Lots of new threads are started seeking guidance about Jain Minority Certificate. The Government of India Notification dated 23-10-1993 declared Muslims, Christians, Sikhs, Buddhists and Zoroastrians (Paris) as Minority communities under the National Commission for Minorities Act 1992. In 2004, the Cabinet Committee stated that the minority status is to be determined by the respective States Thereby, the States have been provided the prerogative to grant the minority status to a community. Jain minority is the latest addition to this minority group. The following States recognize Jain as a Minority Community:


1. Andhra Pradesh

2. Chhattisgarh

3. Delhi

4. Jharkand

5. Karnataka

6. Madhya Pradesh

7. Maharashtra

8. Rajasthan

9. Uttar Pradesh

10. Uttarakhand

11. West Bengal


There is no minority community certificate. The school leaving certificate shall indicate the Religion – Jain. The community certificate can also be obtained from the Tahsildar as in the case of other communities. These are the conclusive proof of a person belonging to Jain Community.


To avail minority benefits for educational and scholarship purpose, one must have community certificate i.e SSC, School Leaving Certificate, Community Certificate issued by revenue authorities along with income certificate. The School leaving certificate is an accepted document as proof of age, religion, etc. Ensure that the school records have the religion noted as Jain. In case the child has already passed out from school, make an affidavit executed before Metropolitan Magistrate or Notary on the stamp paper of Rs.20/- (The Affidavit should incorporate all the details of the proofs submitted) stating the religion as Jain. Publish a declaration in the Gazette.


The minority status accorded to Jain community by Union government is expected to benefit a number of students who come from economically weaker sections, especially in rural areas in States. One of the biggest benefits from minority status will be in education sector, both for students as well institutions run by Jains. Students from Jain community will now have access to a number of Central scholarships.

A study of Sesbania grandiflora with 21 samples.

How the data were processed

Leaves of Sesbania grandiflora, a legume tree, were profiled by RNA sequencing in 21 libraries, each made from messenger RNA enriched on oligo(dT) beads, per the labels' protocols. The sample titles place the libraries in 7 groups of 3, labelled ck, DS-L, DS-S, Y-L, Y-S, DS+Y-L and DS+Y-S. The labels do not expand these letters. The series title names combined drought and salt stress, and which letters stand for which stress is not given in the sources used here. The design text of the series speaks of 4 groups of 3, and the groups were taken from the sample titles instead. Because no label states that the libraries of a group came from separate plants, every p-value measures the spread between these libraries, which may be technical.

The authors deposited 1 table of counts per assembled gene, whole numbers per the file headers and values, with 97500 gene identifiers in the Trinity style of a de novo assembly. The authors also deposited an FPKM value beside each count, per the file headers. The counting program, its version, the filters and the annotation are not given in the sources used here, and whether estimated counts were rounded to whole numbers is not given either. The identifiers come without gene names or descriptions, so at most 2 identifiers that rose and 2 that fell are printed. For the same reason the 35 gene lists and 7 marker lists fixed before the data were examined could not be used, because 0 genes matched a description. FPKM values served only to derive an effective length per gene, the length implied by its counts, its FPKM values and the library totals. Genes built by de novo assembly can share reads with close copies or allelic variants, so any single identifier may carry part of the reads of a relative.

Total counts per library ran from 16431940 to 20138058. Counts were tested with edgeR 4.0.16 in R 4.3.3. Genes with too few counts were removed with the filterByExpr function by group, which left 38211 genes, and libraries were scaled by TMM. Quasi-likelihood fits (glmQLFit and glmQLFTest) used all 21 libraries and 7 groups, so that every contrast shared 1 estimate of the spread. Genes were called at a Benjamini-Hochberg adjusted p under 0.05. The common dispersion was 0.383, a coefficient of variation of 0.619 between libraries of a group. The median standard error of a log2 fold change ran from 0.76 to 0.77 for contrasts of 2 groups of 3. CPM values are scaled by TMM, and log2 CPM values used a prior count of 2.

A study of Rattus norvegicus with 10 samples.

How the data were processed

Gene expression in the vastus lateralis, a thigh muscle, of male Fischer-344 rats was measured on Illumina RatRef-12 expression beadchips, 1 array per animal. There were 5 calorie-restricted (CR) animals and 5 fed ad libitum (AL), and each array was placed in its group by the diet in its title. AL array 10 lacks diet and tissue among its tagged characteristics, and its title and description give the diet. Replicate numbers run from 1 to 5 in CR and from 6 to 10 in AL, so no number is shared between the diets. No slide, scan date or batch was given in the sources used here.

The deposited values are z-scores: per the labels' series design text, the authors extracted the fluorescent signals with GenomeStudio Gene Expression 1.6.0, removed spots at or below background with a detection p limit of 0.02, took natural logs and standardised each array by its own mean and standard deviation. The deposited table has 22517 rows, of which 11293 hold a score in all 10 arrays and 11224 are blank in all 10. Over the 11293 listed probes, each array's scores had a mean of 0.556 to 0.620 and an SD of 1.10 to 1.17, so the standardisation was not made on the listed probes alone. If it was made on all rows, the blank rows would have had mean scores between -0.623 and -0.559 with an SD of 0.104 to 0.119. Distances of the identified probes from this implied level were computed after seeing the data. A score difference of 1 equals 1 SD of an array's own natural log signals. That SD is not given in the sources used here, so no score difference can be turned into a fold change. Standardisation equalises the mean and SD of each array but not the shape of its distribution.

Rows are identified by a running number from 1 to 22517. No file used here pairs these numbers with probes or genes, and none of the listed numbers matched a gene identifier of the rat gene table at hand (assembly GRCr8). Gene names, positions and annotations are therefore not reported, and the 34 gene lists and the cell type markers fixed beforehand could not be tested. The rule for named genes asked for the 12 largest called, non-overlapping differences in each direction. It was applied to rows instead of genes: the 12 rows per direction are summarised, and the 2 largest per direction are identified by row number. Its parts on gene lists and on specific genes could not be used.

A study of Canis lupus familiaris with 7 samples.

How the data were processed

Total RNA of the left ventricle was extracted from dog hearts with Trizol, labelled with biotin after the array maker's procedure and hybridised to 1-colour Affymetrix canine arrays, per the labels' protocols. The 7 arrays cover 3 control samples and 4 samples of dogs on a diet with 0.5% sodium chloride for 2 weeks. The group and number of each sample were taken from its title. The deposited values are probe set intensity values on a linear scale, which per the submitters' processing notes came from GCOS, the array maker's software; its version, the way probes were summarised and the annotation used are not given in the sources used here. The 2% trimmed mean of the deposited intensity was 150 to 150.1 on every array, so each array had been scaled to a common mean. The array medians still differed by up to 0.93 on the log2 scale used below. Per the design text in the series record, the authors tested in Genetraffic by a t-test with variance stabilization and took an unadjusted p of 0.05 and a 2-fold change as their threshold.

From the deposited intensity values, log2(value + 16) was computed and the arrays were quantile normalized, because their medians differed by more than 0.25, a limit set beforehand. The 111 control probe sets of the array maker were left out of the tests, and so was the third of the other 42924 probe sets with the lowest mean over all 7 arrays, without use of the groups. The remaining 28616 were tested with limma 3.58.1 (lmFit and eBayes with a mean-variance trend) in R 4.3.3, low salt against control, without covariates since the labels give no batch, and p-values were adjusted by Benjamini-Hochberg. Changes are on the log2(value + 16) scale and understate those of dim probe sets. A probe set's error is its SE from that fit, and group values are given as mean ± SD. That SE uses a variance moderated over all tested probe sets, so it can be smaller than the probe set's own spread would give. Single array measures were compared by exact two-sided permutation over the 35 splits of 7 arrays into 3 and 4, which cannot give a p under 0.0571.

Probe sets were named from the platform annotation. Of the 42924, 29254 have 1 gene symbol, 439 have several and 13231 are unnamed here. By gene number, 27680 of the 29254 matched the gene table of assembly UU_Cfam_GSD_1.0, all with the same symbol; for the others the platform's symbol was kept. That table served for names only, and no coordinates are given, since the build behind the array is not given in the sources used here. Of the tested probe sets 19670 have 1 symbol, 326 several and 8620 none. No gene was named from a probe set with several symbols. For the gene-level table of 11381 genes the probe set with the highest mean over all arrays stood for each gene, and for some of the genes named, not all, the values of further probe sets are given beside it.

Most of the benefits flowing out of Minority status is based on income level. Jain students whose family’s annual income is less than Rs. 2.5 lakh are eligible for scholarship given by State governments, which recognizes Jain as minority community. This limit may vary from state to state. But with national minority status accorded by Union government, this limit goes up to Rs. 4.5 lakh, under Centrally-sponsored scholarships.




The National Minorities Development Finance Corporation (NMDFC):


The NMDFC was set up by Government of India to provide a “special focus to economic development of minorities ”. The people belonging to five communities i.e. Muslims, Christians, Sikhs, Buddhists & Parsis notified as minorities under the National Commission for Minorities Act, 1992 are the beneficiaries. Jains are notified as minority by some states mentioned above and hence are eligible for financial schemes announced by those states.



Students from Jain community stand a good chance of getting admission to a course of their choice if the course is offered by a college run by a Jain minority trust. This is because 50% of the seats in a minority institution are reserved for students from the same minority community.


Reimbursement of fees:

The State commissions for Minorities, from time to time, announce training programmes aimed at creating employable skills. All Jain students are advised to lookup websites of their respective state commission for minorities for announcements. The fees for some of these programmes are reimbursed.


Scholarships for Students:

The beneficiaries of Pre and Post-Matriculation Scholarships announced by central government are the five minority communities notified by National Commission for Minorities. Education being a state subject, each state has its own scholarship schemes. The website of relevant State Commissions for Minorities will provide detailed information.


Benefits to Institutes

There are, broadly, three benefits available to a minority institution that are not available to other institutions:


Minority educational institutions do not have to maintain reservation in employment or admissions for SCs, STs and OBCs as required to be done by other educational institutions.


In terms of control over employees, minority educational institutions have much greater powers than other institutions. For instance, in selection of teachers and principals, minority educational institution can have a selection committee which does not include university representative. Similarly, while in ordinary schools, headmasters normally have to be appointed on the basis of seniority, but minority managements can select a headmaster of their choice.


In matters of admission of students, minority educational institutions can have reservation of up to 50 per cent for students of their community.


A minority institution may be self-financed or government aided.